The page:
Loyola students rally in support of Kesha

About 40 to 50 Loyola students rally in support of Kesha Friday. Kesha has been in a legal battle against her producer, who she says sexually assaulted her. She was scheduled to perform at the university Friday before cancelling earlier this week. (Erin Yarnall / The DePaulia)
About 40 to 50 Loyola students rally in support of Kesha Friday. Kesha has been in a legal battle against her producer, who she says sexually assaulted her. She was scheduled to perform at the university Friday before cancelling earlier this week. (Erin Yarnall / The DePaulia)

Despite Kesha cancelling her performance at Loyola University Chicago on Feb. 26, she was still represented at the University, as students and members of the community gathered to rally for the pop singer who is currently in the midst of several lawsuits in an attempt to get out of her contract with Sony after she claimed she was drugged and raped by her producer, Dr. Luke.

A rally was planned to show support for Kesha before her planned concert, but even after it was cancelled for “personal reasons” according to her management, the rally still took place.

“It initially started out with my suggestion that we all wear teal, the color that represents sexual assault awareness, to show our support, as well as make signs for the concert,” Shanzeh Daudi, a Loyola student and organizer of the event said. “From there, it picked up speed as we realized how many people wanted to show their support as well. We hope this rally shows Kesha that she has a huge support system rallying behind her, and raises awareness of the issue of rape culture.”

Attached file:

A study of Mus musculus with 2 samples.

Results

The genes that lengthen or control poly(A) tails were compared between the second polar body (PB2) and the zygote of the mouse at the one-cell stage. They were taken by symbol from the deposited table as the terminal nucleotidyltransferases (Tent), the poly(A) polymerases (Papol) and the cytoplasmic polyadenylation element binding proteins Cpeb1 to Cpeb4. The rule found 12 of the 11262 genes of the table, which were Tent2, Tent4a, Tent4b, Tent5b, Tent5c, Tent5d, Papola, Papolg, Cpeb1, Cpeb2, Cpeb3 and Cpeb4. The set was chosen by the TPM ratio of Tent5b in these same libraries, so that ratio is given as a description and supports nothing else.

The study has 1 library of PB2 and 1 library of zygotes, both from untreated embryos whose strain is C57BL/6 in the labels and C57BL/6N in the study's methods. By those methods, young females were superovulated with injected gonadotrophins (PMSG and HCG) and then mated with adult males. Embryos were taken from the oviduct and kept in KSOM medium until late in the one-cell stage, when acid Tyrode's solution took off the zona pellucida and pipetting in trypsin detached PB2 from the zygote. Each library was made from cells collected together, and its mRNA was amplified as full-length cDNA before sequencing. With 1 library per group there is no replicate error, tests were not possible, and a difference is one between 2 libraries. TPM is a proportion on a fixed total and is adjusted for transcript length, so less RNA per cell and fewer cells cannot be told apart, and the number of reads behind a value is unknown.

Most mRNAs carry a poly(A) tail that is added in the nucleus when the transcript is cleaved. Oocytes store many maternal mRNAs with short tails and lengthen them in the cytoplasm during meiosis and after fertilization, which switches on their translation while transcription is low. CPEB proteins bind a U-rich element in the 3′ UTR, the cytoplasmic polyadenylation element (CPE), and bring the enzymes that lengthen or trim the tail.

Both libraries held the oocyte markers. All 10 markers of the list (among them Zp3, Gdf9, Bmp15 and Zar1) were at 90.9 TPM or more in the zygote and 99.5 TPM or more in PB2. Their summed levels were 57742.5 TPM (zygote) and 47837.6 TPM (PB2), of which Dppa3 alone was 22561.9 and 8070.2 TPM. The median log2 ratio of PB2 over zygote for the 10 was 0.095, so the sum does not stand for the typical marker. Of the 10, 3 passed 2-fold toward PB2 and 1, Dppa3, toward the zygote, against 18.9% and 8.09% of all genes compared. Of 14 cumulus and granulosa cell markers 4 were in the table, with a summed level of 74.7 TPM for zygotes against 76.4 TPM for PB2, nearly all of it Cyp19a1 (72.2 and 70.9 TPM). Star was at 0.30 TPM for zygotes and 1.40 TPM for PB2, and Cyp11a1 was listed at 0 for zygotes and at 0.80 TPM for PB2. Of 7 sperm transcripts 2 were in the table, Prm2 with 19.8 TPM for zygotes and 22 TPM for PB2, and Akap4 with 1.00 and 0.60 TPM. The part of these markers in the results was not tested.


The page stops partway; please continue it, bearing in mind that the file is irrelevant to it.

The event took place in Loyola University Chicago’s West Quad, where 40 to 50 Loyola students, members of the community and people who travelled to show their support of the pop singer and other victims of sexual assault chanted and listened to speakers open up about sexual assault.

“I’ve always been a supporter of sexual assault survivors,” Regina Silvestrini, a student at Adler University said about why she attended. “Once I heard about Kesha, I thought if someone in higher authority can’t get justice then who can?”

The rally not only covered what happened with Kesha, but featured speakers that discussed their own experiences with sexual assault and offered support for fellow survivors. Other issues were discussed as well, as Loyola student Jack Santy from the Loyola group The Men’s Project discussed how to dismantle rape culture from a male standpoint after taking a moment of silence for victims of sexual assault.

Rachel Cohen of FURIE, a Chicago feminist group, also spoke about other instances of communities coming together to support a victim of sexual assault, including in Steubenville, Ohio, when a high school girl was sexually assaulted by members of the Steubenville High School football team.

“Speaking about something that is silenced is very important,” Ash Senter, a student at Adler University said. “We need to stand together and support each other.”

The night ended with attendees gathering inside Loyola to listen to musical performances and have a discussion about sexual abuse, rape culture and the importance of showing support to victims of sexual assault, like Kesha.

“I think it’s vital that we stand together and stand up for ourselves,” Cohen said.